I still remember the first article I ever wrote as a science communicator. Entitled Saving the Cabbage, this 1000-word piece was a strenuous output that took me close to a month to complete. While it was a huge accomplishment that proved my worth in the scientific research institute I had just joined, this piece is not one that I front as my most outstanding work.
My maiden article was compiled largely through desk-based research on an innovative technology to control pests of cabbage in Kenya. A few months later, I accompanied the technology’s researchers to field sites where it was being implemented, presenting me with an opportunity to interview farmers, extension workers and even the researchers. The result was a much longer article that took a shorter time to write and went on to win an award for excellence in science writing.
These two scenarios taught me an important lesson. Placing the producers and users of knowledge at the centre of the communication process had improved my storytelling and, hopefully, made the end product more effective by enhancing the profile of the various individuals involved. Such visibility is important, as it reinforces the agency of researchers and end-users enabling them to articulate their motivations and inspirations in the generation and utilisation of knowledge. This contributes to the credibility of research findings, builds confidence in their uptake and stimulates further support. In effect, a virtuous cycle is created in the research process, from knowledge production, dissemination, uptake and resource allocation.
Drawing from my experiences, and with Kenya in mind, I would suggest the following five strategies (by no means exhaustive) towards enhancing the profiles of researchers and end-users of research.
- Enhanced storytelling strategies: In many cases, research coverage takes a news format with the occasional quote from the researchers involved. Where the focus is on research impact, end-users are often represented in statistics. Communicators can enhance the profile of researchers by including their short biodatas in media releases (e.g. as part of a notes for editors). While such biodatas might not be incorporated into the news item, they could trigger media interest in pursuing human interest or feature articles built around the researchers. Such stories can also be purposely authored for broader media sections, and for institutional channels such as annual reports, calendars, project brochures and websites. The electronic media presents a range of opportunities for people-centred products, from documentaries to reality TV shows.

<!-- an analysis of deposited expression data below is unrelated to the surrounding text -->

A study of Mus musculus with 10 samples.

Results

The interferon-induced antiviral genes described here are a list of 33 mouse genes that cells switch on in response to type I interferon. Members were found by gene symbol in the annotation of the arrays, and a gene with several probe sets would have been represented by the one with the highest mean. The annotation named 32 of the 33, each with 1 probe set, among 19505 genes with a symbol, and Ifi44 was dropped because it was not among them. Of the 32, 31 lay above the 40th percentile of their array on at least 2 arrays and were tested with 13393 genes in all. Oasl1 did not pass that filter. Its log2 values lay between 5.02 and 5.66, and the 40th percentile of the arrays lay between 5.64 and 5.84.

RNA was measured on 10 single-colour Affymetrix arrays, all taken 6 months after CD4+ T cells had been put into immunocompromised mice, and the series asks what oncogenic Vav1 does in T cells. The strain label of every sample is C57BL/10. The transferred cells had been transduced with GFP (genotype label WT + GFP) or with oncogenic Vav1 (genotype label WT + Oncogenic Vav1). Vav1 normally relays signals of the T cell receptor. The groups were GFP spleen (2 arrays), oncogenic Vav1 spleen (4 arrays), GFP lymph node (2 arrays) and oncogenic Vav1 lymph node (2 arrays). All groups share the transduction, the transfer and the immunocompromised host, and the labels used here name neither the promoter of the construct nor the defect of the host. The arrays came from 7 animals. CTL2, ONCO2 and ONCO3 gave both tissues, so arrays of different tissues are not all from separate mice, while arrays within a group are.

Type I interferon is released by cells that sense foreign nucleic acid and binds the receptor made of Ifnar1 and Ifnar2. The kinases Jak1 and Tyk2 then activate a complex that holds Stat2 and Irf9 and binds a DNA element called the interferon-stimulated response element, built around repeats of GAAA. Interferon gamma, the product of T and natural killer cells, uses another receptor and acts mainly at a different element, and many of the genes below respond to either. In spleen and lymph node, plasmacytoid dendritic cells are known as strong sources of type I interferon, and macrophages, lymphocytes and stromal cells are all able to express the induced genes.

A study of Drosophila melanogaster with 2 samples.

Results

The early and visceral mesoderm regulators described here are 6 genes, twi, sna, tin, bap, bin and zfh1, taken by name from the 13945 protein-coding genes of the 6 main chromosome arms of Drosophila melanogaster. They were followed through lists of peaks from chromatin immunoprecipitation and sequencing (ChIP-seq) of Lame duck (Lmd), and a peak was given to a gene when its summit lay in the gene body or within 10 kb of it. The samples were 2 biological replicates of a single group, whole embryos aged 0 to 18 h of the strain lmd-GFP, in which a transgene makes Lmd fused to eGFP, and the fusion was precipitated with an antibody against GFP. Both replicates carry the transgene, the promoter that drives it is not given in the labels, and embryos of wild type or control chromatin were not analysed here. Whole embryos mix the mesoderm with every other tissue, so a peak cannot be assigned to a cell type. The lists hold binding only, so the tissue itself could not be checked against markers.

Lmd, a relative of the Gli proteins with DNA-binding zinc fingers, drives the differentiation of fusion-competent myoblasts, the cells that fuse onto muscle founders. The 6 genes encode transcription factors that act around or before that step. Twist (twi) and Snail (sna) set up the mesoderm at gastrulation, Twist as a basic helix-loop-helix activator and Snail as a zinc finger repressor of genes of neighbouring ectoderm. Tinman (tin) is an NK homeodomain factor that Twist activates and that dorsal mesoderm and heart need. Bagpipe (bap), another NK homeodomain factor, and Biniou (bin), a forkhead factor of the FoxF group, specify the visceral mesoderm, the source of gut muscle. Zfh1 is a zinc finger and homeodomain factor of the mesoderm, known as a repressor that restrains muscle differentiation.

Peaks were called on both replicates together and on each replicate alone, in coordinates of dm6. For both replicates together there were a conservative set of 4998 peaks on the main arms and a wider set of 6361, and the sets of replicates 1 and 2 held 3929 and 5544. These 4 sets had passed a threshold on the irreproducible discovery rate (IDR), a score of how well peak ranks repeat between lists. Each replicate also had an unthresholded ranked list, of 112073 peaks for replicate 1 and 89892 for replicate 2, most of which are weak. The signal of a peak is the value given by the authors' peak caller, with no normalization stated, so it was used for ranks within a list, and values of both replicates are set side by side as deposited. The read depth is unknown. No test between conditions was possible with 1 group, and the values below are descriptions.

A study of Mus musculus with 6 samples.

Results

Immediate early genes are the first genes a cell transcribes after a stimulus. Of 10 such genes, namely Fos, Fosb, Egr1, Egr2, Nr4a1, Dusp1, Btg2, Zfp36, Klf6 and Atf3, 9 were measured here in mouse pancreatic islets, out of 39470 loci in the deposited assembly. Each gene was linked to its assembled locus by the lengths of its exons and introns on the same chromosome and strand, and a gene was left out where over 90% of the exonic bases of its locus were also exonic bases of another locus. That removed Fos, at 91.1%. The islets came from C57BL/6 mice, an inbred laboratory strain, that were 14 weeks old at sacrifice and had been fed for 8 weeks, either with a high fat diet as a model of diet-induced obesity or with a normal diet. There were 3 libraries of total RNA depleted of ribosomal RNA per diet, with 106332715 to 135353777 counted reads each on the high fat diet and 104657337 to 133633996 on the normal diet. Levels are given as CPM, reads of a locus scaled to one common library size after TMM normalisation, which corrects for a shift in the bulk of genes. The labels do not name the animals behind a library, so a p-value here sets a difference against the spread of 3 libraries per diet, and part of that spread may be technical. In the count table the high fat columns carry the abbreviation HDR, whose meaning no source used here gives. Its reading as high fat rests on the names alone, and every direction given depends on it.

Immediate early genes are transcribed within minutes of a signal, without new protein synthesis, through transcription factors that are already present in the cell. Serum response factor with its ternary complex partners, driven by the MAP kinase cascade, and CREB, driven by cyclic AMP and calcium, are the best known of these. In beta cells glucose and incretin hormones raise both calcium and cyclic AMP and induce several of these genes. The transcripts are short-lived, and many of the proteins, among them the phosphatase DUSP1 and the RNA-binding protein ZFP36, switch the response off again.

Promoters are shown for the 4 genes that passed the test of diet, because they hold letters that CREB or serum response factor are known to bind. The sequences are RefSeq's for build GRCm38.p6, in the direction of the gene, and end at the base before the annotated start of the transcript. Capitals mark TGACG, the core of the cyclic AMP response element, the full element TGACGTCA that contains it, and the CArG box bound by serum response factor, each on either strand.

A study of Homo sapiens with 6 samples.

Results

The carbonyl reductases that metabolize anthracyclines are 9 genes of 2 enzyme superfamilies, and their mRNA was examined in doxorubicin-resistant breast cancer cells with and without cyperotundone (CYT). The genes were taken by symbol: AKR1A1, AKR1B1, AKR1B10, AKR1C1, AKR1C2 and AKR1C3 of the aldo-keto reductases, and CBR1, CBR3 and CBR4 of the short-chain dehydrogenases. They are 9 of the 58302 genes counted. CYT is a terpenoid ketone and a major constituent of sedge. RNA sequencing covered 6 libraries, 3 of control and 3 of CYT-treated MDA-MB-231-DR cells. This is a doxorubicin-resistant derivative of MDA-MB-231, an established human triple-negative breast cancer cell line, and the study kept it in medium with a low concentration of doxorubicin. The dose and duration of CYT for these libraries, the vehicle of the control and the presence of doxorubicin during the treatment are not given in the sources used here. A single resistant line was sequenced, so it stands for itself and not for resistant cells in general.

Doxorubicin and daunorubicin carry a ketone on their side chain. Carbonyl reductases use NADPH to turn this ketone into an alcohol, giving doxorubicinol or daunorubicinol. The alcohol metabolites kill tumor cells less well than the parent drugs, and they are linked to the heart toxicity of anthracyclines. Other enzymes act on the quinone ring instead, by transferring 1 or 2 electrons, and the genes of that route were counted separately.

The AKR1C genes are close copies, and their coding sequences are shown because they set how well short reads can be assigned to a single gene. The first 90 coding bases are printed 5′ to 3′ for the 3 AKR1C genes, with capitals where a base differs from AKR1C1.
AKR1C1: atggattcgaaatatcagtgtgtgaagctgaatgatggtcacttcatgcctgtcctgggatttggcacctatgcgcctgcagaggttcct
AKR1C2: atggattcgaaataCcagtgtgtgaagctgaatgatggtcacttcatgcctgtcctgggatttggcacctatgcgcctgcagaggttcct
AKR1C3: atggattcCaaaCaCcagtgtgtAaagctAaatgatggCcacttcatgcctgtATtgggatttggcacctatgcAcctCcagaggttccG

- Let researchers and end-users tell their story: In many research organisations (in Kenya especially), communications is largely left to intermediaries (such as communications officers and journalists). It is important for researchers and end-users to also tell their story, to bring to light aspects, either about themselves or about the research, that are often left-out in the negotiations with journals or journalists. The rapid growth of technology presents new communications approaches and opportunities. From blogging, using images, to creating hashtags, researchers and end-users now have a range of tools to raise their own profiles, while stimulating discussions about their research. What is needed, is for them to be accorded by their institutions, the freedom and the skills to embrace these emerging opportunities.
- Biographies, either as academic or literary efforts, can raise the profile of researchers, while heightening understanding of the social, political and economic processes that have shaped the production and utilisation of knowledge. In my postgraduate research, I found the use of biographical research extremely useful in investigating and analysing the growth of scientific communities in the South, while mainstreaming the role of individuals, an often overlooked, yet important aspect. Other processes for documenting individual contributions in the production of knowledge include publication of Festschrifts, witness seminars, testimonies about researchers by other researchers, as well as publicly accessible databases of researchers hosted either by government or academic institutions.
- Systems for recognition of excellence: In general, awards and recognitions are important sources of prestige and esteem. Indeed, in my research I found a strong correlation between awards and the visibility of scientists within and beyond their countries. My findings showed that winning awards elevates the way scientists are viewed, for instance by their governments, often leading to key appointments. It also accords them respect and recognition within the international scientific community, and, therefore, access to the range of rewards within it. For this reason, awards systems for researchers (and end-users of research) are needed, especially in countries like Kenya where such programmes are non-existent.
- Events: Africa is a continent that has a strong culture of festivity and celebration, upon which national or continent wide events can be built to celebrate those who generate knowledge. The benefits of such occasions would go further than raising the profile of researchers. A scientist friend from Nigeria once told me that his inspiration into scientific research were annual events known as the Ahiajoku Lectures, which brought together top scholars of Igbo origin, which were always broadcast live on television and radio with plenty of fanfare.